Dave Densmore, a former contributor to DRO, former long-time PR person for John Force Racing, and former NHRA employee, wrote this on his Facebook page. With his permission we are reprinting this essay from Dens regarding the uncertainty of working for the National Hot Rod Association.
Records are meant to be broken. However, there are those so ridiculously far removed from reality that it is difficult to acknowledge even the possibility that one day they might be eclipsed as easily as, say, Bob Beamon’s Olympic long jump standard.
Among those are Wilt Chamberlain’s 100-point game in the NBA, Cy Young’s 749 complete games as a major league baseball pitcher, Chicago Black Hawk Bill Mosienko’s three hockey goals in 21 seconds, and John Force’s record 10 straight NHRA drag racing championships.
However, now that Terry Earwood’s name has been removed from the record books, everything else is back on the table.
Nothing is safe, not even Frank Bradley’s record for “shortest tenure as a Top Fuel crew chief” which, if memory serves, was a couple hours in 1991.
As I recall, Bradley made the tuning decision on Conrad Kalitta’s race car for one qualifying session at the season-opening Winternationals. Then, “creative differences” arose that convinced the two Hall-of-Famers that they were better off as friends. Bradley retired with record in hand, dubious as it might have been.
A month ago, Earwood’s record seemed as secure as the one set by "the Beard."
By way of background, Terry Earwood was the 1973 winner of the NHRA U.S. Nationals in Super Stock. That alone places him in some pretty distinguished company. The Plymouth ragtop in which he won that particular race recently was auctioned at Barrett Jackson for $1.7 million. However, neither of those items is the source of his fame.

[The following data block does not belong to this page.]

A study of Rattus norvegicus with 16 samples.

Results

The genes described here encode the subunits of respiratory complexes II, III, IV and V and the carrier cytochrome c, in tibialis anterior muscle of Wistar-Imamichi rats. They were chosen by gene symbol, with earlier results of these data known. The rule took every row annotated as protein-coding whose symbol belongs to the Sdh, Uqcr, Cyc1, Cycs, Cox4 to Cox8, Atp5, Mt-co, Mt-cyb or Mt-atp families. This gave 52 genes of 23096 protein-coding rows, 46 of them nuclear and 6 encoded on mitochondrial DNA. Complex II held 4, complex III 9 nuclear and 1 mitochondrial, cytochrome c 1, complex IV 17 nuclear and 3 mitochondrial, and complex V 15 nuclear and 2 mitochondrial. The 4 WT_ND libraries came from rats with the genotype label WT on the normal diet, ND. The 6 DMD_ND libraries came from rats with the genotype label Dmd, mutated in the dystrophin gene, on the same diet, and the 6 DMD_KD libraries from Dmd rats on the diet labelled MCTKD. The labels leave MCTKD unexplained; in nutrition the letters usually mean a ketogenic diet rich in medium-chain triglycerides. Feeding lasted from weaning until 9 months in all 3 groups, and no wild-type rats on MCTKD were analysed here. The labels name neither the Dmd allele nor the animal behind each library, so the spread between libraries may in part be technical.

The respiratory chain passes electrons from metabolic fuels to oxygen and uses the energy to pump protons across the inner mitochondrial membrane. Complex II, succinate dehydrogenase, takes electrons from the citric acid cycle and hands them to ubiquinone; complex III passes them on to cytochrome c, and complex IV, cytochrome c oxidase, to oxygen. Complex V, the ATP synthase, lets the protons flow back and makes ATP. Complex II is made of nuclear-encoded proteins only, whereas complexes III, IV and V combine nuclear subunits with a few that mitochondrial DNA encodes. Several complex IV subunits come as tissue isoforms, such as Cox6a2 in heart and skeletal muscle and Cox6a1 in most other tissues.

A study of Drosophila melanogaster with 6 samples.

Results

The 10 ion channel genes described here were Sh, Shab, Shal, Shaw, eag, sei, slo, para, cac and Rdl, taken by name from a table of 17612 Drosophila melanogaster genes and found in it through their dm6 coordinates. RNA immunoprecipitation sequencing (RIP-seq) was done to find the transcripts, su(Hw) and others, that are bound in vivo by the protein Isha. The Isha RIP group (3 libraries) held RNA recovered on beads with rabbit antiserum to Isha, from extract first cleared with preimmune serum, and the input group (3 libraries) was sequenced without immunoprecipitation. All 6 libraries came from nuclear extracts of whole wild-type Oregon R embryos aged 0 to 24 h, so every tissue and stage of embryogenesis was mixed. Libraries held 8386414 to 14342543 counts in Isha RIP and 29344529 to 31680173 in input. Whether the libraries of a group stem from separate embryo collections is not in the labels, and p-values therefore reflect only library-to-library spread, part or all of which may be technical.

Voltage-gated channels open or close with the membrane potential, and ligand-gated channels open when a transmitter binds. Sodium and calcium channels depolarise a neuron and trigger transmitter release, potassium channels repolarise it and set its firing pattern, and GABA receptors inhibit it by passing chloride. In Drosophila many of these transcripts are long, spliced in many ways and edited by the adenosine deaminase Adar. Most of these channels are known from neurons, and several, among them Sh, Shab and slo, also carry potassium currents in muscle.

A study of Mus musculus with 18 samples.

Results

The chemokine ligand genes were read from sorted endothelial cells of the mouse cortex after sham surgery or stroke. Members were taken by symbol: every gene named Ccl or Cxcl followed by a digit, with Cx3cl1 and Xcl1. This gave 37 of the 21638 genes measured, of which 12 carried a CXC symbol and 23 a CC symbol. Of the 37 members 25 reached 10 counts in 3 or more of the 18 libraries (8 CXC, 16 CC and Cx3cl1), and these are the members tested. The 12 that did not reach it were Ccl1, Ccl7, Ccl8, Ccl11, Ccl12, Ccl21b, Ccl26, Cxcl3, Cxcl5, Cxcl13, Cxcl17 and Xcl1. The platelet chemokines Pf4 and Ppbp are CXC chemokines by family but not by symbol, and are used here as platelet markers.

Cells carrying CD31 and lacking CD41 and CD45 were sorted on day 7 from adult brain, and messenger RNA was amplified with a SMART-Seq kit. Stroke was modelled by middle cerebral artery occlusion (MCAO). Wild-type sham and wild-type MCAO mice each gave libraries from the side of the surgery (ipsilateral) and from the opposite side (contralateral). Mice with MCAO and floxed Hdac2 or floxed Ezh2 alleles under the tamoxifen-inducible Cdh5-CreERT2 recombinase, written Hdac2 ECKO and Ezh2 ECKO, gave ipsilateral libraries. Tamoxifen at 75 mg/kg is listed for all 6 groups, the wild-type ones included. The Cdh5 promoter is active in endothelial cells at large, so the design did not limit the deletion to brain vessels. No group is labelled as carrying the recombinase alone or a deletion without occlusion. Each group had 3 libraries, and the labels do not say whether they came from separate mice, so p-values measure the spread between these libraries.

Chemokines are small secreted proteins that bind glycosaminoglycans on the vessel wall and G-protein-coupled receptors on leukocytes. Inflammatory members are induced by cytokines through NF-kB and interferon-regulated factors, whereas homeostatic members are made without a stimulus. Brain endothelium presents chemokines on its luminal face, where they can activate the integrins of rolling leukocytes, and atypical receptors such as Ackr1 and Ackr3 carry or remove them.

In addition to his drag racing prowess, his status as one of the biggest Elvis fans on this or any other planet and the family bond he shares with my best friend, his brother Steve, he also was a talented road racer, lead driving instructor for the Skip Barber Schools, stunt driver in several TV commercials and, for 48 glorious days, an NHRA Division Director in the Southeast, a realm once the domain of the late, great Buster Couch.
For 35 years, Earwood’s month-and-a-half tour of duty was the shortest ever logged by an NHRA Division Director. That is until Jesse Kershaw blew it away in the new year with a performance that is the stuff of legend. The new record? Nineteen days. That’s as long as Kershaw could manage to function as Division 3 Director.
What happened? Hard to say. Maybe he realized that, as a DD, unlike predecessors like Darwin Doll, Darrell Zimmerman, Dale Ham, Bernie Partridge, Bob Daniels and Couch, he was not going to be part of the NHRA’s policy-making effort. Maybe he was daunted by the mounds of attendant paperwork. Or, maybe, he just refused to drink the Kool-aid.
Whatever the cause, we come here today not to vilify Kershaw, but to praise him, for he dodged a bullet and set a record.